The following is a guest blog post from Susan Roberts. Susan is an E-Recruiter and began working at Lethbridge College in September 2010. She graduated in 2010 with a Bachelor of Arts in Geography and a Bachelor of Management in Marketing , both from the University of Lethbridge. When Susan is not tweeting or crunching recruitment stats, she enjoys travelling, whether it’s jet-setting or travelling to her hometown to play in the dirt.
Social Media Unplugged 2011
A mere eight months ago I discovered Twitter. This was not an exercise that happened by chance. Lethbridge College had an opening for an E-Recruiter and although I wasn’t entirely sure was I what getting myself into, the job did sound interesting. In addition to the traditional ways that recruiters connect with students, I was tasked to connect with them in the online realm. My first thought was, “Awesome, Facebook at work!” I was comfortable with this channel, as it had been my favorite partner in procrastination while I was in university. Twitter though, I will admit, scared me. Sure I had heard of this tool, as it was leading headlines on popular culture television shows, but I never used it. I remember a guest lecturer in my university Consulting class told us that, if we were a marketing student, we should be on Twitter. My immediate reaction to that was, “Ya… I’ll get right on that and Ashton Kutcher and I will soon be swapping tweets on our favorite places to eat in LA.” At that time, I didn’t see that there was more to the conversations and that I would soon have an iPhone attached to my hand.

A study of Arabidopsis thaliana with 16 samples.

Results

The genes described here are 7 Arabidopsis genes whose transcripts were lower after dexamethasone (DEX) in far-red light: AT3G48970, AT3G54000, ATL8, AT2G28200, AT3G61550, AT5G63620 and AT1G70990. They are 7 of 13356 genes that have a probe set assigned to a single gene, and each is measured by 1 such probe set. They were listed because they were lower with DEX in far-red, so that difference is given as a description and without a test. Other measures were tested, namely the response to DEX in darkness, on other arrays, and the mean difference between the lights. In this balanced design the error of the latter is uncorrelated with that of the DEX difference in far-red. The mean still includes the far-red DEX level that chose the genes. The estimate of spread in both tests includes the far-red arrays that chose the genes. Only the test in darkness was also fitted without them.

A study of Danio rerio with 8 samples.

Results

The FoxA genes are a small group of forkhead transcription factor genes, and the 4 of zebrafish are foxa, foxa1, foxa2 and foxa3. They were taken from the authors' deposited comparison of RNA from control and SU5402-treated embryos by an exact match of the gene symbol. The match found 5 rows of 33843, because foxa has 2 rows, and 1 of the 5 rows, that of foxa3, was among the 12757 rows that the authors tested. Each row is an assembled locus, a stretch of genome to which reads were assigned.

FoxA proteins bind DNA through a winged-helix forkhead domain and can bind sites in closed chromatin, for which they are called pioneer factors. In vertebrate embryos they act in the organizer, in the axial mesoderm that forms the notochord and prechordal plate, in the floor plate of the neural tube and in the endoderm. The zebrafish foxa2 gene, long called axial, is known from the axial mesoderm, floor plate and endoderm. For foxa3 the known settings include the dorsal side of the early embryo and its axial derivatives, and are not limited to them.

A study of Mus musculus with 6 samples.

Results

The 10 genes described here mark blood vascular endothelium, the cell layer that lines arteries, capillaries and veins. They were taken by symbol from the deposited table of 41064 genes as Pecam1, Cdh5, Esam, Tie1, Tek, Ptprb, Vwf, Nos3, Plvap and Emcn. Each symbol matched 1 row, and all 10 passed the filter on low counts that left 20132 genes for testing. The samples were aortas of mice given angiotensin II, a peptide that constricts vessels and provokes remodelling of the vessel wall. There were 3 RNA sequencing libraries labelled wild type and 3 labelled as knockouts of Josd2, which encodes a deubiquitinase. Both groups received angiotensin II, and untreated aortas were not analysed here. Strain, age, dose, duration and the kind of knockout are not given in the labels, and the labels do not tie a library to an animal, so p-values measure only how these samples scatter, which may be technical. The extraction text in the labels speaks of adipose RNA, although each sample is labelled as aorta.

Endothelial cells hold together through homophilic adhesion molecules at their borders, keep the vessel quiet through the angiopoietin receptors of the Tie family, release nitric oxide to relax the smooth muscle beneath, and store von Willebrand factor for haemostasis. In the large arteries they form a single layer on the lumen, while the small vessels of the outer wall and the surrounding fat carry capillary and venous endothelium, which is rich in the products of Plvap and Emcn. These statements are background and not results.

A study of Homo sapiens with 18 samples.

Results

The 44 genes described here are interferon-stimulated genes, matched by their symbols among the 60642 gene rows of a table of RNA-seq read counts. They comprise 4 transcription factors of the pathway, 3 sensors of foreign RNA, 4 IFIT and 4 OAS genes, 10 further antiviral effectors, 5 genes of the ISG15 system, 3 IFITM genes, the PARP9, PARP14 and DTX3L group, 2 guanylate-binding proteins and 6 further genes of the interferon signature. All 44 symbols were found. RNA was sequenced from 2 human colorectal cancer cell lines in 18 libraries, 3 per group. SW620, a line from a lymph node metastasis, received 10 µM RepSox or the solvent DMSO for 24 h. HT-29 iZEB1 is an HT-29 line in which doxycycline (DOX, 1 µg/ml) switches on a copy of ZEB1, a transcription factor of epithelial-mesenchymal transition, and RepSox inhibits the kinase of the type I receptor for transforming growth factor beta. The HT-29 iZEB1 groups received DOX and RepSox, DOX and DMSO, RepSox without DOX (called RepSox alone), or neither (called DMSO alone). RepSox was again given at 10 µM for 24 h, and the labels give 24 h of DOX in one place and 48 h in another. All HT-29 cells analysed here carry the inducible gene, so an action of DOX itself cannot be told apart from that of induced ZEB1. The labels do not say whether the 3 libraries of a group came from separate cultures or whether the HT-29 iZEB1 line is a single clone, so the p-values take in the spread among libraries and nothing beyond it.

When I graduated from university one year ago, I hadn’t taken any classes to prepare me to enter the social media arena. My classes did acknowledge that social media was growing and my Advertising and Promotions textbook (that was published that year) had less than a page devoted to social media. When I began using social media, I had conversations with my manager (@nbuis) and Mike McCready and I attended a “Social Media Bootcamp.” I took advantage of all of these opportunities to learn and I listened. I also listened to the social media channels that I was about to become a part of.
I jumped at the chance to attend “Social Media Unplugged” when Mike offered to help me get there. I found that many of the presenters and the organizer were like me – any of them too had only discovered Twitter about six months ago. They all presented excellent case studies of ways they had used social media as a tool to achieve their business objectives. They did it well! I heard many of the presenters (some modest) express that they are not experts. This concept resonated with me, as I think we are all learning. Social media is ever-changing and it is difficult to be “all knowing” about such a vast medium. The nature of social media does allow us to collaborate – and that is a thing of beauty. While the presenters at “Social Media Unplugged” imparted their knowledge, attendees shared, interacted, and discussed via Twitter (#smuplugged). I could have stayed in Lethbridge and read numerous articles on social media, but I think I learned so much more by attending this conference. The presenters spurred a conversation where each participant listened, synthesized and contributed. I will continue to search out all opportunities to learn about social media, but I know that I enjoyed the opportunity to learn in this interactive way.